Mobile broadband services let users like reality star Kimberly Stewart keep track of e-mail while on the go.

© Gustavo Caballero/Getty Images

In a little over a decade, the Internet has grown from an interesting distraction into an essential part of our lives.

We can't go more than an hour without checking e-mail. When we have a question or need more information (about anything), we pop open a Web browser and start Googling. At work, it's all about videoconferencing, the corporate Intranet and online CRM tools. At home, it's all about Limewire, YouTube and updating our Facebook page.

The ideal way to access all of these tools and resources is with a broadband (high-speed) Internet connection, something we've come to expect at home and at the office. According to 2007 statistics, 70 percent of adult Internet users have broadband at home [source: Pew Internet & American Life Project].

What about when we're on the move? Surveys show that we still have the same hunger for Internet-based information, communication and entertainment. According to a 2008 report by the Pew Internet & American Life Project, 58 percent of all Americans have used a cell phone or PDA for "non-voice data activities" like sending an e-mail or or recording a video. And 41 percent of all Americans have used a WiFi-enabled laptop computer or other mobile device to access the Internet away from the home or office [source: Pew Internet & American Life Project].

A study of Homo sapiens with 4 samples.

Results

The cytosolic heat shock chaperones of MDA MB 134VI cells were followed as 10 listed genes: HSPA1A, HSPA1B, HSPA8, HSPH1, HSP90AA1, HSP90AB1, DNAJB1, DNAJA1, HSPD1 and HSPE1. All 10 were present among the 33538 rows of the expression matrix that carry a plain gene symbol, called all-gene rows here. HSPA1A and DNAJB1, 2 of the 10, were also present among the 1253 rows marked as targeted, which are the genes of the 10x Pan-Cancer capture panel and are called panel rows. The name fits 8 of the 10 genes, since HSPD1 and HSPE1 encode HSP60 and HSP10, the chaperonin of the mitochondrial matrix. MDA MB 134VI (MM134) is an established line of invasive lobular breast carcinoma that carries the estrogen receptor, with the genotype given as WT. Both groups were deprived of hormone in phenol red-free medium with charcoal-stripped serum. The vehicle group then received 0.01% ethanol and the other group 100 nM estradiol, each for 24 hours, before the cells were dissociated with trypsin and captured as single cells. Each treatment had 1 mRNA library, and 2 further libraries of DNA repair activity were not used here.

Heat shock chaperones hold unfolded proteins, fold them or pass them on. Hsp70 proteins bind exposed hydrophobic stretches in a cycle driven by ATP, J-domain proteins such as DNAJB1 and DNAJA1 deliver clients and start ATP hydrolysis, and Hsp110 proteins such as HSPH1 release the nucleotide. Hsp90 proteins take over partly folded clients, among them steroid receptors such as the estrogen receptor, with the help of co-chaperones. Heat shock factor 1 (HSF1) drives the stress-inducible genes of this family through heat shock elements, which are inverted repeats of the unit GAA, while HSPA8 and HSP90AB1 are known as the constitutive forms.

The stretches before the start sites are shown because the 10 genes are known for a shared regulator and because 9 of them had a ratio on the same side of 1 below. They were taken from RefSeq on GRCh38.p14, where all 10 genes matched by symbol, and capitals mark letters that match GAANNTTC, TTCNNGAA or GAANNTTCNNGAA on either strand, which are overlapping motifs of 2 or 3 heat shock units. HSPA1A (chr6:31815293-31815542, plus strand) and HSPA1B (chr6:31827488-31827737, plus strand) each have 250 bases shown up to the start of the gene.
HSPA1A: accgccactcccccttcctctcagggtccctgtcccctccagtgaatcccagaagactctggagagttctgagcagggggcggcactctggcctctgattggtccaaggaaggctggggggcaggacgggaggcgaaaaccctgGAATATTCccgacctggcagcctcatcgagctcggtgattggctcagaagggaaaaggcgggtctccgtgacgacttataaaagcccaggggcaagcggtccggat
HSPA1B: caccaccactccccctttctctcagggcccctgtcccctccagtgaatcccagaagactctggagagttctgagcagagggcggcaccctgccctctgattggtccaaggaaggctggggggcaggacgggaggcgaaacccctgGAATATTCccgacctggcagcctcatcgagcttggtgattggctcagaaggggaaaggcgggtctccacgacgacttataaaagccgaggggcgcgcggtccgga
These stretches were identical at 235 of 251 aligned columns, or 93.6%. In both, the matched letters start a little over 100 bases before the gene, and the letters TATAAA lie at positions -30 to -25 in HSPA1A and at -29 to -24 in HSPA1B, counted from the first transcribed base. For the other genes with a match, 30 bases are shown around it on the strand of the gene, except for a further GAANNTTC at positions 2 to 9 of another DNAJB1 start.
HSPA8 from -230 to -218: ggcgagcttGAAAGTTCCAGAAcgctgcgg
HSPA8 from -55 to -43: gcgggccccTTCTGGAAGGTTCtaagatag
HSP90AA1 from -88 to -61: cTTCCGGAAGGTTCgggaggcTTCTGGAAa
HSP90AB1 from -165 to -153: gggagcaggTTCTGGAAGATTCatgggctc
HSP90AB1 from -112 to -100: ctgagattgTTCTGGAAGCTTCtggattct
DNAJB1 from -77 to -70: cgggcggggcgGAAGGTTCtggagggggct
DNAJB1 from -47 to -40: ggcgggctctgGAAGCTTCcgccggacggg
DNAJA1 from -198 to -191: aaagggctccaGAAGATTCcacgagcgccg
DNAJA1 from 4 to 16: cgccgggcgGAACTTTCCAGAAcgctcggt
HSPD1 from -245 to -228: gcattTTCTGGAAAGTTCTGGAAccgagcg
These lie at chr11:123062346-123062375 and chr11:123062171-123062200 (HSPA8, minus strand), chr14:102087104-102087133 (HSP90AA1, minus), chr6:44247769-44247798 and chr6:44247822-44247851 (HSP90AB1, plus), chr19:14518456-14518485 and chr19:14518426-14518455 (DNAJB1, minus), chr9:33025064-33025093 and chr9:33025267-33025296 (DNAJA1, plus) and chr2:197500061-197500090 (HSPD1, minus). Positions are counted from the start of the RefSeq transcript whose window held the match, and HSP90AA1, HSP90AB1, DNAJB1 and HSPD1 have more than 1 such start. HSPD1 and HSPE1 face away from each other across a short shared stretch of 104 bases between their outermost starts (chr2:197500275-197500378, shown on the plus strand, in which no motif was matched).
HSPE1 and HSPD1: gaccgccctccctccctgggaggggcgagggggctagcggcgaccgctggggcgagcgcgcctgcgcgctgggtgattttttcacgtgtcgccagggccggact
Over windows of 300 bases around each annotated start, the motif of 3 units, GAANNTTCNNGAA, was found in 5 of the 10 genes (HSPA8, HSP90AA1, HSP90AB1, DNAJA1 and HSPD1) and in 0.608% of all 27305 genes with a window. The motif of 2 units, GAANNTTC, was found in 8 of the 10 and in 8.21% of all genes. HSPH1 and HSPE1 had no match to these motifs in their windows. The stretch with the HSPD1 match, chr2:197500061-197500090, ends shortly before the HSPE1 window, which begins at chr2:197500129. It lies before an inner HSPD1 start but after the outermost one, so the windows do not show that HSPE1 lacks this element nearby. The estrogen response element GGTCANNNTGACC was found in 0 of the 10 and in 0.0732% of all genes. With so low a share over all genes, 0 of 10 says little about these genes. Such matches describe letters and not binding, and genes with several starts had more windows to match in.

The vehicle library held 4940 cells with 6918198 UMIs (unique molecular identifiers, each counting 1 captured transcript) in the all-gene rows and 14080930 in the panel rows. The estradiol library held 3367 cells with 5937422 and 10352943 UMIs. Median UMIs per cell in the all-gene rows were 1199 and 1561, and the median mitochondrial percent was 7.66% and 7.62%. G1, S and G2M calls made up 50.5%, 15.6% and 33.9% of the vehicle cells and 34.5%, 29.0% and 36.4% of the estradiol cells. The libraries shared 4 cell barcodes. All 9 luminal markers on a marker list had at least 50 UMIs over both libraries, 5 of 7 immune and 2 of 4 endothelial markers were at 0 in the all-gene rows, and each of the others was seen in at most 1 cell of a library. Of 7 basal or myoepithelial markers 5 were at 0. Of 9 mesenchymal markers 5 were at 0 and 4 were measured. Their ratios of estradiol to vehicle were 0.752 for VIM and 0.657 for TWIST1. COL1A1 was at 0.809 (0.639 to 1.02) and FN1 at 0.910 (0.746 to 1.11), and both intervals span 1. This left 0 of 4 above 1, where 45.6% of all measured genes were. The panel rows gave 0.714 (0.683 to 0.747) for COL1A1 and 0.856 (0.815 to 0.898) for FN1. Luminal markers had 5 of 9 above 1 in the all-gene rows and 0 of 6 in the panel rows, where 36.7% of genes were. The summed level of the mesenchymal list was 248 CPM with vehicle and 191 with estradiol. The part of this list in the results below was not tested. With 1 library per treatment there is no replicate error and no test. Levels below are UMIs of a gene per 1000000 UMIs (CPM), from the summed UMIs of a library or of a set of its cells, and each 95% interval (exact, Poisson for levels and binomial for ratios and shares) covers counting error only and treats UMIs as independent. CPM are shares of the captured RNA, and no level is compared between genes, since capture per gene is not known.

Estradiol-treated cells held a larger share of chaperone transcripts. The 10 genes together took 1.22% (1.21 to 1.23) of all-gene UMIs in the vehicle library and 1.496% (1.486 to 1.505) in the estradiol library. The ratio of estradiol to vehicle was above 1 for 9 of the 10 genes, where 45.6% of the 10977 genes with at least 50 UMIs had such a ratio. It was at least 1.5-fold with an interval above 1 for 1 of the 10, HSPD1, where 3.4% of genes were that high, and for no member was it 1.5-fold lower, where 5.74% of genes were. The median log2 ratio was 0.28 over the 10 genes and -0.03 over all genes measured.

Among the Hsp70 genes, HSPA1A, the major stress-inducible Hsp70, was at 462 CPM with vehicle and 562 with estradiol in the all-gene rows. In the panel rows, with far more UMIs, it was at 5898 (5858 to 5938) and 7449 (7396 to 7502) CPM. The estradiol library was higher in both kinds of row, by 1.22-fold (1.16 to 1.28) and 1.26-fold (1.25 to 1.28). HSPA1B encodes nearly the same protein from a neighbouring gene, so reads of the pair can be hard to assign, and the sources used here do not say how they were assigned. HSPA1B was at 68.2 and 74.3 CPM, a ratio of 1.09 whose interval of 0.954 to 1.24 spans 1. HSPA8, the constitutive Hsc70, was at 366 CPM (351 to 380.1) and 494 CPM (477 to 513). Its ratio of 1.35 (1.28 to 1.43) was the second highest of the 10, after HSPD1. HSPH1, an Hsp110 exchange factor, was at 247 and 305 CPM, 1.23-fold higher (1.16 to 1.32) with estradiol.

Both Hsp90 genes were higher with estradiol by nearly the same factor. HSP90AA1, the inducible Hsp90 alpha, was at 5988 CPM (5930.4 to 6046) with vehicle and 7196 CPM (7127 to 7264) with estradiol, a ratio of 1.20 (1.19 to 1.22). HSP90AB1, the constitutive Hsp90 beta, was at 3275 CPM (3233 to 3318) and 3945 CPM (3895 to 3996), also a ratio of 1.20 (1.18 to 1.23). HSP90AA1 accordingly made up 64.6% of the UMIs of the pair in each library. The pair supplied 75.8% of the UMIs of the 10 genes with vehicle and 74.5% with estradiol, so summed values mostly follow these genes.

Until recently, there have only been a few options for mobile access to the Internet:

  • If you have a WiFi-enabled laptop computer or handheld device, you could check e-mail or surf the Web at free WiFi hotspots in places like airports, coffee shops, bookstores and some downtown areas.
  • You could use a WAP (Wireless Application Protocol)-enabled cell phone. WAP is the universal standard for applications using wireless communications.
  • You could buy a BlackBerry, iPhone or other smartphone to surf special WAP Web sites. But surfing speeds are slow and the Web sites are simple (no video, audio or cool graphics) to access e-mail and the Internet at higher speeds.

Now several major national cell-phone carriers have introduced technology that brings DSL-quality speed to any mobile device within range of a cellular signal, including laptop computers.

What are some of the different types of mobile broadband networks and what kind of rates and plans are the cell phone companies offering? Read on to find out more.